By Dr. Fred Herzog
To the average person, the concept that a nonprofit organization can earn profits seems contradictory. In the case of a for-profit corporation, everyone understands the goal in that business entity is to make profit. In the 501(c)(3) nonprofit world, nonprofits do make “profits” and they are referred to as the margin or income over expense.
Nonprofit “profits,” described in this manner, sound reasonable. Nonprofit revenue margins, however, must follow IRS financial guidelines.
All nonprofits must seek sufficient revenue to sustain mission and purpose. Nonprofit revenue streams generally come from four main sources: membership dues, public donations, grants and earned income.
Many nonprofits have annual membership dues with one or more categories each with a different fee structure. Not all nonprofits have memberships and have to rely on other sources of financing their operation. For the most part, membership fees are usually the least of a nonprofits’ annual income stream.
Public donations to 501(c)(3) nonprofits are voluntary. This revenue directly supports many nonprofits and forms the basis of the publicly supported 501(c)(3) charitable, scientific, research, safety or athletic organizations. This group receives the most generous of tax exemptions from the IRS and state revenue departments with respect to federal income tax and sales tax exemptions.
The downside of this category is when donors begin to drop away. The burden to keep donations sufficient to keep the organization financially strong usually falls on board or committee members.
A grant request requires an application to a grant-making foundation. The application process is complicated and competitive. Grants generally represent large amounts of financial help and annual re-applications are required to continue support. Grant makers always expect certain goals to be met and outcomes documented with proof.
Close scrutiny by granting organizations has become more intense for grantees. There is always the chance a future grant may not be awarded. Foundations can be private or nonprofit 501(c)(3) foundations. The IRS has strict guidelines for this category regarding operational and financial activities. Grant-making foundations usually have large asset bases from which to award grants. The IRS does tax them on their income from investments.
Earned income has become the largest source of revenue for many nonprofits, basically, out of a financial necessity to survive. The sale of goods and services have offered nonprofits the capacity to cover the costs of maintaining mission and purpose. Earned income has become a great provider of financial stability for nonprofits. The National Center for Charitable Statistics estimated in 2008 nearly 70 percent of the $1.4 trillion generated by nonprofits nationally came from the sale of qualified goods and services. By the end of 2017, experts anticipate this number will witness a substantial increase. Nonprofits have the business of their mission to satisfy.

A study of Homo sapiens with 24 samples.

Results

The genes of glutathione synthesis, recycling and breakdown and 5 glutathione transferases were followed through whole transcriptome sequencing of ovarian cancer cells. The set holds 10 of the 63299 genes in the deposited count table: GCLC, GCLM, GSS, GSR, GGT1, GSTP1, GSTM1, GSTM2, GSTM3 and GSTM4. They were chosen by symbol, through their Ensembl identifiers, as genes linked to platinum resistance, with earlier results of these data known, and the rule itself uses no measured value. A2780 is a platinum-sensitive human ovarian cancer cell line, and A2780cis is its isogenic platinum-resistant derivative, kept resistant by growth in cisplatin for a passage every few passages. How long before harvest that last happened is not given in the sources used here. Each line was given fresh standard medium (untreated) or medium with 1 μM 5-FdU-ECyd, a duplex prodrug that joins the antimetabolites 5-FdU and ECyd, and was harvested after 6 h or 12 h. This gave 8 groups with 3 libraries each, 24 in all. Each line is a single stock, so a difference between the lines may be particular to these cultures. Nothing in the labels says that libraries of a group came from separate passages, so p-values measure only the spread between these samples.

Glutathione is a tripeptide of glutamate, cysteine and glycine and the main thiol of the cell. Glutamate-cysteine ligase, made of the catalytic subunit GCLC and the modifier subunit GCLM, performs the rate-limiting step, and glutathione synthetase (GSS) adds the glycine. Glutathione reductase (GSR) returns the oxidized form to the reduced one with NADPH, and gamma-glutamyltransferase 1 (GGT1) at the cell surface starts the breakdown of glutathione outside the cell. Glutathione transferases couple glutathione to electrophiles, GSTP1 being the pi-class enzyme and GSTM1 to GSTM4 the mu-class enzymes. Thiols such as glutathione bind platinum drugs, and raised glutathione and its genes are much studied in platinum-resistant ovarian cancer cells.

Earned income for goods and services is a primary goal in the for-profit sector. Businesses sell goods and services, incurring costs along the way. When income is greater than expenses, profit is realized, taxes are paid and owners and shareholders are rewarded by sharing in profits. Nonprofits follow a different set of rules with respect to earned income so as to remain exempt from tax.
When a nonprofit generates earned income from the sale of goods and services, a special set of criteria must be met to insure the revenue is exempt from federal income tax. When IRS criteria is not met, a tax called UBIT (unrelated business income tax) is imposed at current corporate rates. UBIT left disregarded or unpaid results in fines, penalties and organizational dissolution.
Many years ago, as history will confirm, the IRS set the rules regarding earned income for nonprofits. An IRS declaration stated nonprofits should not be allowed to compete directly with the taxpaying for-profit sector businesses while remaining tax free. From that decision forward, nonprofit leadership and relevant business professionals would be responsible to be aware of the importance of earned income that was, in fact, taxable, under the definition of UBIT.
Criteria and UBIT
IRS has set criterion that decides whether UBIT is applicable based on three questions. They appear simple, but are truly complicated, demonstrated by a large volume of legal thinking, briefs, court cases and individual legal opinions. Here are the questions asked during the analysis process:
n Does the nonprofit operate like a for-profit business?
n Is the income earning activities carried on a regular basis?
n Is the earned income substantially related to the exempt purpose of the organization?
Question No. 3 is probably the most controversial. In order for the exemption to be allowed, a substantial casual relationship must exist to the exempt purpose for which the exemption was granted. When an unpaid volunteer work force runs an activity that produces earned income, the IRS excludes the income from UBIT. This same is true when volunteers sell donated merchandise.
Examples when UBIT would apply are such as when a museum sells merchandise not related to the educational purposes of the museum, or when a nonprofit routinely engages in too many unrelated business activities. The IRS provides tax exemptions to publicly supported charitable nonprofits to work within the boundaries of why they were designated exempt.
Dr. Frederick J Herzog is founder and executive director of The NonProfit Resource Center in Citrus County. He can be reached at 847-899-9000 or email@example.com.